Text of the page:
Thousands of birds have dropped from the sky, exhausted and dehydrated due to a monster heatwave.

Animal rescuers in Ahmedabad, the largest city in the western Indian state of Gujarat, say they are treating dozens of birds each day as temperatures surpass 40C.

The birds have ranged from eagles to pigeons, with other animals such as cats also affected.

Indian Prime Minister Narendra Modi has been forced to warn of potential fires as swathes of South Asia are scorched in some of the hottest pre-summer temperatures in recent memory.

In Ahmedabad, experts say that the heatwave is drying out the city’s water sources, proving damaging to its wildlife.



'Thousands of birds' drop from sky dehydrated due to scorching super heatwave
Thousands of birds have dropped from the sky in recent weeks

Veterinary doctors at the Jivdaya Charitable Trust’s animal hospital are working non-stop to help the fatigued animals.

Manoj Bhavsar, who has been rescuing birds for over a decade and works with the trust, said: “This year has been one of the worst in the recent times.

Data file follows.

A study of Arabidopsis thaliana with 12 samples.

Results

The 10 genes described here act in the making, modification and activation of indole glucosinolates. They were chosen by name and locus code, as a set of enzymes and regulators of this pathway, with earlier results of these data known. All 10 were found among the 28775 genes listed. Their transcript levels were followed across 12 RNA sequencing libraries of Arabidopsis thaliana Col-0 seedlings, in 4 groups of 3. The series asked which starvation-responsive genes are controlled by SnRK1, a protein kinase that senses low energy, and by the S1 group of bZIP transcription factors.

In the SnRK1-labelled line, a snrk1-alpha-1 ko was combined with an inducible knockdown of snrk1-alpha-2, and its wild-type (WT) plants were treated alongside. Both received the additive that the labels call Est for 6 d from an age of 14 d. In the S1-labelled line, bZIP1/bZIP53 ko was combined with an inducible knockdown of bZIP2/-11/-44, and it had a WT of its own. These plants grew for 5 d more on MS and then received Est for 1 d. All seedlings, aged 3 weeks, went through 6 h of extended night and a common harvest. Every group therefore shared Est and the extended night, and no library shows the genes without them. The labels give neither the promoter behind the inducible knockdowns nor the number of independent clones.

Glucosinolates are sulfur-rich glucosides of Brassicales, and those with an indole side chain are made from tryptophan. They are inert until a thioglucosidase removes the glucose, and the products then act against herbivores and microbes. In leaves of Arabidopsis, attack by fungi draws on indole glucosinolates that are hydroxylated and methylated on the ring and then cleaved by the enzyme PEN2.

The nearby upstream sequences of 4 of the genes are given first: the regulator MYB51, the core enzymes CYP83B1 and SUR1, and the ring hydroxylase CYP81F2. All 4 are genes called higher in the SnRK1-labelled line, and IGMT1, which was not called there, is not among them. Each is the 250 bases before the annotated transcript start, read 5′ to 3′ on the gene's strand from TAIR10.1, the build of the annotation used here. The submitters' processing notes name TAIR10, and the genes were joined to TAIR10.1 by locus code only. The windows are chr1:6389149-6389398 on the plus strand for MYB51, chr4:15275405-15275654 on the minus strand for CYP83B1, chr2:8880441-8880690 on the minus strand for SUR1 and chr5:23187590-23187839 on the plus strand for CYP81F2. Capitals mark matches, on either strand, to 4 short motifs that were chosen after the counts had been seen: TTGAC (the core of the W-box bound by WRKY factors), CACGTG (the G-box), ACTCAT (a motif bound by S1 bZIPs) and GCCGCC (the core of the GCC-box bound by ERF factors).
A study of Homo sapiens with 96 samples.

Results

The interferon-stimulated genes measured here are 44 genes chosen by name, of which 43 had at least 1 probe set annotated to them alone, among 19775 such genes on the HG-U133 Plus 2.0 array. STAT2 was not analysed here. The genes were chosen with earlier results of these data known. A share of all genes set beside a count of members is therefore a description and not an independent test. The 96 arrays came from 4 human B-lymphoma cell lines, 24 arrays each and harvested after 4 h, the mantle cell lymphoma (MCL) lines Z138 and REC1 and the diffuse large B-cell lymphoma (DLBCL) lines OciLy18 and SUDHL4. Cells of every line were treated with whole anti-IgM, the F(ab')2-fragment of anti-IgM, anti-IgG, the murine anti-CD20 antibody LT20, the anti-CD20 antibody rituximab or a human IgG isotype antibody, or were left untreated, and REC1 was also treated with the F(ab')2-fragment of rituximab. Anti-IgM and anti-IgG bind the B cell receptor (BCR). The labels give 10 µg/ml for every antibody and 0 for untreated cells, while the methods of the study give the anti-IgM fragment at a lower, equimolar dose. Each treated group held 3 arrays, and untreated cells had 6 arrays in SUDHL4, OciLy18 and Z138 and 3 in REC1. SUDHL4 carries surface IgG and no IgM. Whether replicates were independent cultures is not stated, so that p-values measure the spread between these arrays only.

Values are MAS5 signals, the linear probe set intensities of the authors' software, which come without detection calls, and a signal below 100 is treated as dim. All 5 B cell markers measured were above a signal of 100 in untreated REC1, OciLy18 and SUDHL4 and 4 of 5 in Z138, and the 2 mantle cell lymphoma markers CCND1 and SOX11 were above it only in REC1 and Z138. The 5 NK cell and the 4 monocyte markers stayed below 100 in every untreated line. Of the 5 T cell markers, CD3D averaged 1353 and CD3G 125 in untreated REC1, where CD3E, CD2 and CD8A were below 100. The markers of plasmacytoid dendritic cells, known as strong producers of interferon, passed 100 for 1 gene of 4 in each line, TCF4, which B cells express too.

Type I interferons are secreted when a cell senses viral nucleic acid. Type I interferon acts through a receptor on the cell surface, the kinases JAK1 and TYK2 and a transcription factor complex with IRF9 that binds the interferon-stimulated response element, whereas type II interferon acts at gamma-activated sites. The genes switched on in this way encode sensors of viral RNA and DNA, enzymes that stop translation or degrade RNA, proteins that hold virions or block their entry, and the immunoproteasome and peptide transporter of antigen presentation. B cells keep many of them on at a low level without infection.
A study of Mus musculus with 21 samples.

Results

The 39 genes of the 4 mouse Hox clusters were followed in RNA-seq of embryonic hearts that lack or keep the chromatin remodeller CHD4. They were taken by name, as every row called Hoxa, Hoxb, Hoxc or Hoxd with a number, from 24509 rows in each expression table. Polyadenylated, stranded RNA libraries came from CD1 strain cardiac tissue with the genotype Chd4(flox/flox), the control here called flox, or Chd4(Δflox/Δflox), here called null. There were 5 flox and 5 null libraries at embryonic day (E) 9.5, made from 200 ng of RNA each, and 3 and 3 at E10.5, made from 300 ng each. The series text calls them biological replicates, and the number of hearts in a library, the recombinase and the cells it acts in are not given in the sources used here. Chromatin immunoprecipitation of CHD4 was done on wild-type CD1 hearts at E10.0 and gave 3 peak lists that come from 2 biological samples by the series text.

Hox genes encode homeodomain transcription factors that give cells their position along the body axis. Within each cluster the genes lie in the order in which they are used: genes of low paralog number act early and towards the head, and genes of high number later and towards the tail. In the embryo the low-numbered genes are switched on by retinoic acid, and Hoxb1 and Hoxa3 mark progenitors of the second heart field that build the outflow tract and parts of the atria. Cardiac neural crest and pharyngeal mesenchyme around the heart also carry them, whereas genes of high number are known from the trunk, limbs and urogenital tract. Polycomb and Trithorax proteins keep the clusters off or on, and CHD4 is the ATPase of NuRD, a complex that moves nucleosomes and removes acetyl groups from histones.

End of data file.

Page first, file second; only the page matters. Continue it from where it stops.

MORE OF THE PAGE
“We have seen a 10% increase in the number of birds that need rescuing.”

On Wednesday (May 11) veterinarians were seen injecting water into birds’ mouths with syringes and feeding them multi-vitamin tablets.



'Thousands of birds' drop from sky dehydrated due to scorching super heatwave
This March was India’s hottest in over 100 years

There is also concern for humans, with Gujarat health officials advising hospitals to set up specialised wards for victims of heat stroke or other heatwave-related ailments.

Temperatures in Ahmedabad are expected to hit 42C, 43C and 44C in the coming days.

March was India’s hottest in more than 100 years and since then more than two dozen people have tragically died from suspected heat stroke.



The birds have ranged from eagles to pigeons
The birds have ranged from eagles to pigeons


Several witnesses watched as the birds, confirmed to be starlings, began raining down with some believing they had been electrocuted or were being chased by a bird of prey and hit the road surface.

Michaela Pritchard described it as an “eerie sight” and said it looked like a “massacre” as she travelled on the Hazelbeach Road between Waterston and Hazelbeach in February.